Well its latest quarterly results suggest it is, even though profits rose from $1.48n to $1.84bn its costs rose by a thumping 20 per cent.
According to the pundits this suggests that the company is reverting to research and development mode, with most of the extra costs accounted for by new people.
Executives at Google Towers in California seem to have decided that its hugely profitable search business (it accounts for around 65 per cent of searches worldwide, more in the US and Europe) is not enough to keep it motoring forward and that it needs a broader-based business offer.
There has been some good news for the company recently (apart from the pile of cash it makes) with the Chinese government’s decision to renew its licence in China after the company temporarily moved its search operation to Hong Kong in a dispute of censorship. Google has a relatively small share of the Chinese search market which, inevitably, will become the world’s biggest if it isn’t already.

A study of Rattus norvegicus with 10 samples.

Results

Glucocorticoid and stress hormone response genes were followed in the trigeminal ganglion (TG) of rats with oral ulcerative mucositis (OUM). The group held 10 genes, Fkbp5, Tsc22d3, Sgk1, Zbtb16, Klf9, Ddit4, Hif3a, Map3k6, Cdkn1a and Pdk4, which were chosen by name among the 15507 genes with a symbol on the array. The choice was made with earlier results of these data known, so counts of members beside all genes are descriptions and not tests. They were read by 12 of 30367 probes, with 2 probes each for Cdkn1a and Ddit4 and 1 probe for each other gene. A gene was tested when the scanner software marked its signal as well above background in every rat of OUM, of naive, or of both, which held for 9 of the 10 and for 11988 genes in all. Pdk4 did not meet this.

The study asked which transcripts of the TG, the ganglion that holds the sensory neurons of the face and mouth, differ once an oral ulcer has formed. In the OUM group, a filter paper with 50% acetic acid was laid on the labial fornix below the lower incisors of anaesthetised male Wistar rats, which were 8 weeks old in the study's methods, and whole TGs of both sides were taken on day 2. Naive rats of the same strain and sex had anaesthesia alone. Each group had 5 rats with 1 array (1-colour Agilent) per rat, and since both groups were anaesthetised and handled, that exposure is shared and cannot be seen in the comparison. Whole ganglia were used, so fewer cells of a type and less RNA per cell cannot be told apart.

But clouds on the horizon include the ever-emerging Facebook which many users are now using as a substitute for Google search and also email provision.
You never know, even the lumbering Microsoft might get its mojo back one of these days as it nurses its wounds from the launch debacle of the Kin phone.
And Google these days is just big. History shows that the bigger tech companies get the more time they have to spend on just running the organisation and other troublesome chores like dealing with governments and legislators.
So it’s not all blue sky for Google despite that tidal wave of money.